What To Do If You Cry In Public And Why It's Okay

Crying in public can happen to anyone, but can often leave you feeling vulnerable and alone. Beth shares the various places she’s cried, how she coped, and why it’s okay to let it happen.

When the tears are coming

We’ve all been there - that awful feeling that tears are on their way, and you’re in a public place. When tears are coming, it’s often impossible to stop them. Which if you are sat at home, wrapped in a blanket with some chocolate to get you through it, is absolutely fine. I love a good, long cry - it is so cathartic. But what on earth do you do when the tears come and you’re in public?

Embrace those tears

I’ve cried in plenty of public places, like on the train or in a long queue. It’s completely normal! We can’t always regulate our emotions, and I’m a firm believer that crying is really helpful. We should embrace the tears when they come, not try and hide them!

Often, a really small thing triggers my tears. A staff member being a bit rude, something unexpected happening, overhearing something that brings back bad memories - they can all happen at any time! We can be embarrassed about crying about something so small, but of course it is not the real reason. The cause of my tears is often something bigger, that I might have been ignoring or juggling for a while, but it is the small inconvenience that causes the tears to actually roll down my cheeks.

The cause of my tears is often something bigger, that I might have been ignoring or juggling for a while.

Crying in public is awkward

Once I cried when I was at the bank. It was really, really awkward. The cashier was shocked. I was shocked. The people in the queue were shocked. Why on earth was I crying? I needed to stop, quickly, but my body was LOVING releasing the tension and stress of the last few months and it wasn’t going to stop. Instead I was ushered away, given a private side room and left to cry in peace as I counted the money I had brought with me to bank.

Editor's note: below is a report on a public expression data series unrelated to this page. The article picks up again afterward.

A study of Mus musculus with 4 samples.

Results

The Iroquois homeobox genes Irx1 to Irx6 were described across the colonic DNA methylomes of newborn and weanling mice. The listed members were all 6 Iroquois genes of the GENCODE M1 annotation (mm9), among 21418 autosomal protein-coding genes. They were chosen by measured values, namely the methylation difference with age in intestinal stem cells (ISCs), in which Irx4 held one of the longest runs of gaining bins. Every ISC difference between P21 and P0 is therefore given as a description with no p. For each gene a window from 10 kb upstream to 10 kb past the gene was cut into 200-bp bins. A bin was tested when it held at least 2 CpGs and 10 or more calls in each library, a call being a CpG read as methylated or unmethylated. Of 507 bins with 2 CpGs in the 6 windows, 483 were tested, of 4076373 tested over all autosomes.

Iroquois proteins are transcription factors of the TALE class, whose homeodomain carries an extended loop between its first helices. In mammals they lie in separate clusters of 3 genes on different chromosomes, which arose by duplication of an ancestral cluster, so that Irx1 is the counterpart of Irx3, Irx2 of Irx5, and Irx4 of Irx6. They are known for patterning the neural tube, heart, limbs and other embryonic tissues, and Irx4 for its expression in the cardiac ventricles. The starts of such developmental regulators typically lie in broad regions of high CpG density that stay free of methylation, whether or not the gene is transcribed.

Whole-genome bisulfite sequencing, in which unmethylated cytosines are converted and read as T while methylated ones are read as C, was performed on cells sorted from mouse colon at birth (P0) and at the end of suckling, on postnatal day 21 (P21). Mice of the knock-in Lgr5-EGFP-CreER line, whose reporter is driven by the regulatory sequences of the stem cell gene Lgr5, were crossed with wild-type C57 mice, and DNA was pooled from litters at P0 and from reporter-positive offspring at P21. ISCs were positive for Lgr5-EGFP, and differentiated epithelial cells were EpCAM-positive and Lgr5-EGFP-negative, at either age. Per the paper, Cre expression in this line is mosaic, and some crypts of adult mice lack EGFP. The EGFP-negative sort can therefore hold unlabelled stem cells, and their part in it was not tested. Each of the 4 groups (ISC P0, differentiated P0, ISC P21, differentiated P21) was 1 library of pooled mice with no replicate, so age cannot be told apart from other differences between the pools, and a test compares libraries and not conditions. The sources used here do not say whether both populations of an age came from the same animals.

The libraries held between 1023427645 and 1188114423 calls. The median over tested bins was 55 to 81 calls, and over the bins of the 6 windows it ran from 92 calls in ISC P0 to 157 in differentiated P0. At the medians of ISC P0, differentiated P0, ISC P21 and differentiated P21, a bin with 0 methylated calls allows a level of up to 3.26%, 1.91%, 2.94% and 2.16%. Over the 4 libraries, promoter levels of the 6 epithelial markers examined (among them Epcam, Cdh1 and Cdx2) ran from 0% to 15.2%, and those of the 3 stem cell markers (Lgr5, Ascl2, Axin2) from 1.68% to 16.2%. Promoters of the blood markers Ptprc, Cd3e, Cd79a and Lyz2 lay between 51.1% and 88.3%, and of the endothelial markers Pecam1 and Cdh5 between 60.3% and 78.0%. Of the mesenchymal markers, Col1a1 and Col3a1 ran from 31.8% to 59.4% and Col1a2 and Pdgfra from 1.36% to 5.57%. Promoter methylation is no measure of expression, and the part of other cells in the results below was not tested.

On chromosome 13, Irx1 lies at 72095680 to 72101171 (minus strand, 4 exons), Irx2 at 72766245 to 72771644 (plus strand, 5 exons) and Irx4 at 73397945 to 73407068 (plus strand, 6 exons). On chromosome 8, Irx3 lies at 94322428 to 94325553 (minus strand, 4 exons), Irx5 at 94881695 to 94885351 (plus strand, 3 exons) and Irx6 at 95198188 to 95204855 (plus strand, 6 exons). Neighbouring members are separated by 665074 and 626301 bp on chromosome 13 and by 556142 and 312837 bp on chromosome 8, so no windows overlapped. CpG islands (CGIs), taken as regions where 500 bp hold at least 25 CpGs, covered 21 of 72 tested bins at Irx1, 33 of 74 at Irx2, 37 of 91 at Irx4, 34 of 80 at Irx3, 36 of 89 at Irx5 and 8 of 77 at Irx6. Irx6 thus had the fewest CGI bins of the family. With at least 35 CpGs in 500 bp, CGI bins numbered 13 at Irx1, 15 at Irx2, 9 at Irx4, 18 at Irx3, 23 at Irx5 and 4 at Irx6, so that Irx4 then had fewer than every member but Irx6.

My body was loving releasing the tension and stress of the last few months.

So what do you do when you cry in public?

If you have a mental health condition, you’ll know how completely horrible it feels when you can’t cope. You feel helpless, isolated, vulnerable, and you wish that there was someone around who understood. Except, if someone approached you and tried to help, you would probably feel even more mortified and want even more to run and hide – I know I would.

So what on earth do you do when you are crying in public? I know how scary and embarrassing that is so here are my tips:

  1. Don’t panic – no one is annoyed, angry or staring at you. Stay as a calm as you can.
  2. Take a deep breath – this will help calm you down and stop the crying.
  3. Ask someone if you can go somewhere more private. When I cried in the bank, the bank staff were only too happy to find me my own private office – it is much better customer service than to leave someone crying!
  4. Make plans to get home – or to a safe, calm place – as soon as possible. It doesn’t matter how many things you had wanted to get done that day, nothing is more important than looking after yourself. Get home, get your pyjamas on and put Netflix on - no more social pressure to contend with!
  5. Don’t beat yourself up. Mental illness strikes at the most inconvenient times and it happens to all of us! You could think “I failed, because I cried on the train and everyone saw”. Instead you can think, “I cried on the train today because I was understandably overwhelmed. Despite that, I still managed to cope with the situation and get to my destination, so that was a successful journey”.

Believe me, you are not the first person to cry in public – at work, out shopping, at a friend’s house, there are so many “inappropriate” places to cry and everyone has already cried there so you are not the first! Join the crying club with pride and accept that it’s a natural human response to pressure.

Be proud of yourself – you are so brave.